A video that surfaced of President Trump’s visit Wednesday to an El Paso hospital in the wake of a mass shooting shows him talking to medical staff about the crowd sizes that he and former congressman Beto O’Rourke drew at political rallies earlier in the year.
As Trump exchanges pleasantries with doctors and others at the University Medical Center of El Paso, the video shows him pausing to reminisce about dueling rallies that he and the Texas Democrat staged in El Paso in February to focus on immigration and border security.
‘‘That was some crowd,’’ Trump said of his event. ‘‘We had twice the number outside. And then you had this crazy Beto. Beto had like 400 people in a parking lot, and they said his crowd was wonderful.’’
The video shows no one responding to Trump’s assertion before convening for group photos.
Reporters traveling with Trump during his visits Wednesday to Dayton, Ohio, and El Paso were not permitted to witness his visits with hospital staff, first responders, and others affected by the shootings. Although the media were kept at bay, Trump later tweeted two video montages documenting the visits.
Trump expressed frustration to aides on Air Force One that news cameras were not with him in the hospital on Wednesday and that coverage of the trip was being dominated by his foes.
He wanted pictures and video released immediately, according to people with knowledge of what happened, and asked aides to go defend him. Trump has complained to allies since the shooting that he had not gotten enough credit for his response, according to these people, who requested anonymity to share private conversations.
Inside the White House, the trip was generally seen as ‘‘not ideal’’ in the words of one senior administration official. Four others described the trip in similar terms.
Although the president’s aides explained to reporters that cameras were kept out of the hospital due to logistical and privacy concerns, two White House officials, speaking on the condition of anonymity, said there were concerns that they could capture an impolitic moment or the president making an insensitive comment.
GOP freezes spending on Twitter in protest
LOUISVILLE — The Republican Party, the Trump campaign, and other GOP organizations said Thursday that they are freezing their spending on Twitter to protest the platform’s treatment of Senate majority leader Mitch McConnell.
Twitter temporarily locked McConnell’s campaign account Wednesday after it shared a video in which some protesters spoke of violence outside his Kentucky home, where he is recovering from a shoulder fracture.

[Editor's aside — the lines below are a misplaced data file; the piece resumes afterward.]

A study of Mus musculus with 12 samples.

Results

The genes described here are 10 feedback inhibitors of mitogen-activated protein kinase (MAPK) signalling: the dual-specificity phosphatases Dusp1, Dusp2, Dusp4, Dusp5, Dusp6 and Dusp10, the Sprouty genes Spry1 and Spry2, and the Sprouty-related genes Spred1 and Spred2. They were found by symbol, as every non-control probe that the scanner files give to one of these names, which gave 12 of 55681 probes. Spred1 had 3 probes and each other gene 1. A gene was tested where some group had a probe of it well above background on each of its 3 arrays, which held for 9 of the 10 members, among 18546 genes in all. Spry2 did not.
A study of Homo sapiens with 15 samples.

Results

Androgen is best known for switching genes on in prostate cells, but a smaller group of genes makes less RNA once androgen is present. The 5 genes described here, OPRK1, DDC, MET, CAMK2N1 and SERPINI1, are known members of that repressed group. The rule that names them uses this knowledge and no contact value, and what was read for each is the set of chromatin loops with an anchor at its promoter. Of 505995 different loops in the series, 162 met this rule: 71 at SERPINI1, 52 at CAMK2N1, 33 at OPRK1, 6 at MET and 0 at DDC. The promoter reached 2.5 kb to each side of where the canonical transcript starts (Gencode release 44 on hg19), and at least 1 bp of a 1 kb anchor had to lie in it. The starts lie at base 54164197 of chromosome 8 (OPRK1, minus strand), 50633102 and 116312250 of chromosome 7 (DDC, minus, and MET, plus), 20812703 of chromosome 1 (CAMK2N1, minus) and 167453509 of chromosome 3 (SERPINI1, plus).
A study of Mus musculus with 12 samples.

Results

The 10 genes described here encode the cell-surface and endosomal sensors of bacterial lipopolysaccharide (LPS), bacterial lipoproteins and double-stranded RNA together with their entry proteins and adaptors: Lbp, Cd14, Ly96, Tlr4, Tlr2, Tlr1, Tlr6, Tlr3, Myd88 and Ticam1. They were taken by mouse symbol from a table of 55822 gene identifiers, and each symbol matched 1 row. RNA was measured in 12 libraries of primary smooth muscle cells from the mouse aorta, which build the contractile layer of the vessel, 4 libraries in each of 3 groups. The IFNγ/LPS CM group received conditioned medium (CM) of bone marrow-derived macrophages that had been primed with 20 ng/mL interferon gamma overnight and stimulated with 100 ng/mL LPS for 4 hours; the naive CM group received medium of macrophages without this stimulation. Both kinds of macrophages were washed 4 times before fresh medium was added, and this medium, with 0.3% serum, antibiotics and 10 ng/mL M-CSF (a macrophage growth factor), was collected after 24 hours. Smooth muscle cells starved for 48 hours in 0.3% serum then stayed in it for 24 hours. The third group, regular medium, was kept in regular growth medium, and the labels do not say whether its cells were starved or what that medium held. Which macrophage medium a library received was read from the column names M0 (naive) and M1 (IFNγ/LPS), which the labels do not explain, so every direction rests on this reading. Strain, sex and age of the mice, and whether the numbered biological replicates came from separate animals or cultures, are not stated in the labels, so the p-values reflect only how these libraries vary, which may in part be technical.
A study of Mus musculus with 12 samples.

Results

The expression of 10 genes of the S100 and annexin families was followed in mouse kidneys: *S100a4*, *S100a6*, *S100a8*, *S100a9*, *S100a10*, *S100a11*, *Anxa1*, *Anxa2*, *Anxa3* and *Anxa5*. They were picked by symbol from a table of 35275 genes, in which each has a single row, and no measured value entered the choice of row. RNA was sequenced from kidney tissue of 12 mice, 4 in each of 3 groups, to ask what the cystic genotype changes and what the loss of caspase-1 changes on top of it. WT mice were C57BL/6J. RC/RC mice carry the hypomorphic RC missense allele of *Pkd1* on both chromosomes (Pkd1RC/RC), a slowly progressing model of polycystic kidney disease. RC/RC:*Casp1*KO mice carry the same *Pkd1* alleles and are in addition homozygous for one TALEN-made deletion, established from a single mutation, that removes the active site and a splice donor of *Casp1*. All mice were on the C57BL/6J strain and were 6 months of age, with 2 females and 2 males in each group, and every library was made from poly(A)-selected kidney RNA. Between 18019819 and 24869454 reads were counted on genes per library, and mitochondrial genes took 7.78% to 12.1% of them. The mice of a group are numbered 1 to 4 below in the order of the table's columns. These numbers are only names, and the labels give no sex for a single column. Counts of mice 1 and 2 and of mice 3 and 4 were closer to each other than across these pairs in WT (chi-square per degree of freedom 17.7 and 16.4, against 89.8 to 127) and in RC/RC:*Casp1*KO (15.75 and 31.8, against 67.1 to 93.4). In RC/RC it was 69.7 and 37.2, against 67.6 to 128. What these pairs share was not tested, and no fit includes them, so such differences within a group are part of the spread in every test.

The social media platform said in a statement that users were locked out temporarily due to a tweet ‘‘that violated our violent threats policy, specifically threats involving physical safety.’’ The statement did not indicate exactly how long the account was frozen, saying only it was temporary. The account was active Thursday, but no longer contained the tweet.
The Courier-Journal reported one protester said McConnell should have broken his neck instead of fracturing his shoulder; another spoke of violence when responding to a reference about a hypothetical McConnell voodoo doll.
Republicans say social media platforms censor conservative viewpoints. Social media companies say they have no political bias.
Biden leads, Warren most favorable in new Iowa poll
Former vice president Joe Biden is leading the pack in Iowa, according to a new Monmouth University poll, while Senator Elizabeth Warren is viewed most favorably among the 2020 Democratic presidential contenders.
The survey results, released Thursday, shows Biden winning the support of 28 percent of likely 2020 Iowa Democratic caucus voters. He had previously taken 27 percent in an April Monmouth poll. Warren, however, is hot on his heels: the Massachusetts Democrat now has 19 percent support, up from 7 percent in April.
Senator Kamala Harris, Democrat of California, who has tangled with Biden on the debate stage, takes 11 percent in the new poll, up slightly from April, while Senator Bernie Sanders, independent of Vermont, has seen his support drop to 9 percent from 16 percent four months ago.
Iowa voters have become much more familiar with the party’s candidates since the spring. Warren stands out the most on this front, with 76 percent of likely caucusgoers holding a favorable impression of her compared with 14 percent unfavorable. Those figures mark an improvement from her 67 percent-20 percent favorable-unfavorable ratio in April.
Biden is also widely popular, with 73 percent rating him favorably and 19 percent unfavorably, though his positive rating dipped five percentage points in the past four months.
Mayor Pete Buttigieg of South Bend, Ind., garners a 68 percent favorable mark, up sharply from 45 percent favorable mark in April, a point when nearly one-quarter of voters had not heard of him. Despite the improved reputation, Buttigieg’s 8 percent support among likely caucusgoers is little changed from 9 percent in April.
The poll finds Sanders has become less popular since the spring, coinciding with his drop in support. His favorable rating declined from 67 percent in April to 58 percent in the new poll.
One-third of those surveyed now have an unfavorable view of Sanders, the highest among candidates measured in the poll.